Tomato and Tobacco Hornworms


I’ve been reading about ways to reduce blight and have some organic products on order that I’m hoping help me with my battle on the younger plants that have yet to show any symptoms. With my limited time this week, the blight spread on the older plants.

Yesterday evening I went out to do a bit of clean up and to remove the plants that were affected and beyond the point of repair, and noticed that on my highest producing cherry tomato, nearly every single leaf, and nearly half of every single tomato was gone. Missing. No sign of them. Seemed I was having issues with something other than just blight!

Thankfully, I found the culprit before it moved to the other plants… a Tobacco Hornworm. (You can see the blight spots on the plant…terrible…I was sad to have to remove that plant from the garden.)

This hornworm was at least 3″ long when it was scrunched up, so the full body length had to be at least 4″. It was HUGE! I had never seen such a thing before, and it’s one of those things that when you see it once, you never forget it! I ran to the house to get the camera and Alan.

When I found it, it was busy busy busy snacking away at one of my tomatoes. Look at that! It ate nearly half of that little green tomato, and would have surly moved on to others.

Don’t you think it kind of looks like a manatee? Or a walrus? And the markings on it are really something! All of those eyes… kind of eerie, don’t you think?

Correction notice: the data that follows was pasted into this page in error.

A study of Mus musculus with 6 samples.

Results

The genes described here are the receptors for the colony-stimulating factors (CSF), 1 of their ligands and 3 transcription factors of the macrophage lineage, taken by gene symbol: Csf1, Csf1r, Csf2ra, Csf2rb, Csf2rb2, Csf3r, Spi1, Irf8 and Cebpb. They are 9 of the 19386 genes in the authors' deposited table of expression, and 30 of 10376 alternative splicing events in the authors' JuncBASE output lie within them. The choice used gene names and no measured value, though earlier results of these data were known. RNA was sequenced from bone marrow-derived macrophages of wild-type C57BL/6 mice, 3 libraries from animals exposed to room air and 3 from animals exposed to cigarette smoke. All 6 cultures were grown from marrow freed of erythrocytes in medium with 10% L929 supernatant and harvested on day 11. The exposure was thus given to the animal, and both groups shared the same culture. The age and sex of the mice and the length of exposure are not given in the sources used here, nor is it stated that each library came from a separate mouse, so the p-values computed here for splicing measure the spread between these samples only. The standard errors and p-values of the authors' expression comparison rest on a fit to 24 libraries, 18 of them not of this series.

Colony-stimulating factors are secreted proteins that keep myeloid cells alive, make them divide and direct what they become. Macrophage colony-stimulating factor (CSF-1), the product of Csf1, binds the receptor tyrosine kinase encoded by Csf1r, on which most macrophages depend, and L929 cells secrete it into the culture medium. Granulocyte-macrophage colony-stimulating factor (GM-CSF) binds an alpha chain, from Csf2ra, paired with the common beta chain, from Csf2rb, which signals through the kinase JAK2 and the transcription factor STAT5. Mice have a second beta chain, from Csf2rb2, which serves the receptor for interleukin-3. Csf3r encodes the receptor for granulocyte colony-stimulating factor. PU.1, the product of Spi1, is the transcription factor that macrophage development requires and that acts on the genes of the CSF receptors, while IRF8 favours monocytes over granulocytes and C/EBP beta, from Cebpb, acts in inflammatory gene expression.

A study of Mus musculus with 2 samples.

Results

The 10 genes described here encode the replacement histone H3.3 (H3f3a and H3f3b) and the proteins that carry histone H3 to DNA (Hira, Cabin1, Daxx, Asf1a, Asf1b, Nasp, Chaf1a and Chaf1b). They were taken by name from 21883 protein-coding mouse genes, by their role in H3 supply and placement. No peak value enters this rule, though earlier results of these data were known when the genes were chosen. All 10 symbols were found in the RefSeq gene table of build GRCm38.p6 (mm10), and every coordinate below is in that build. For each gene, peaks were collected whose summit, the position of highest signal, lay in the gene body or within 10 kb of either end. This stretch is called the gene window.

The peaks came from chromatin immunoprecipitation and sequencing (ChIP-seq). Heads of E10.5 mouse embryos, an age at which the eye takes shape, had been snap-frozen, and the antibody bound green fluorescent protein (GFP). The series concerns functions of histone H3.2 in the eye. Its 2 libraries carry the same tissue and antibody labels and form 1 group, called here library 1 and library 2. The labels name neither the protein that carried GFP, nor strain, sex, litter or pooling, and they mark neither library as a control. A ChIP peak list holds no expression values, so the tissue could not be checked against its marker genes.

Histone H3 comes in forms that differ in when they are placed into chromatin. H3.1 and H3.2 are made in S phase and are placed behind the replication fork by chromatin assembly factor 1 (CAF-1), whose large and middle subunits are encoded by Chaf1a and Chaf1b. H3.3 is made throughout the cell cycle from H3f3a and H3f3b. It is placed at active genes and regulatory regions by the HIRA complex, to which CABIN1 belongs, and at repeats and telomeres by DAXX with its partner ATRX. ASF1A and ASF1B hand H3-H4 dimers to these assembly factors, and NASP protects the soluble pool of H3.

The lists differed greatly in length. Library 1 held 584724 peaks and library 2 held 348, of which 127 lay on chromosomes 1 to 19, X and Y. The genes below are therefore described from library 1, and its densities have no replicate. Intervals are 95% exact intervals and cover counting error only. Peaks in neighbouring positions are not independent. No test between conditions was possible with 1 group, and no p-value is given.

While reading about this critter, I learned that you can tell the difference between a Tomato Hornworm and a Tobacco Hornworm by two things. They both have a “horn” on their hind end, but the Tomato Hornworm’s “horn” is black, and the Tobacco Hornworm’s “horn” is red, like this one’s. Also, the Tobacco Hornworm has these white stripes on its sides, where the Tomato Hornworm has “V” shapped markings on its sides.

He wasn’t too sure of Alan and me…. he stayed in this slightly upright position the entire time we were there and I was taking photos.

This hornworm no longer lives in my garden… hopefully, you don’t find one living in yours!

Other than losing one of my cucumber plants to what I think is bacterial wilt caused by cucumber beetles and larvae, everything else is growing nicely! One of the organic products I have on order also helps reduce cucumber beetle and larvae issues as well… they are the #1 pest in the garden, now that the hornworm has been evicted!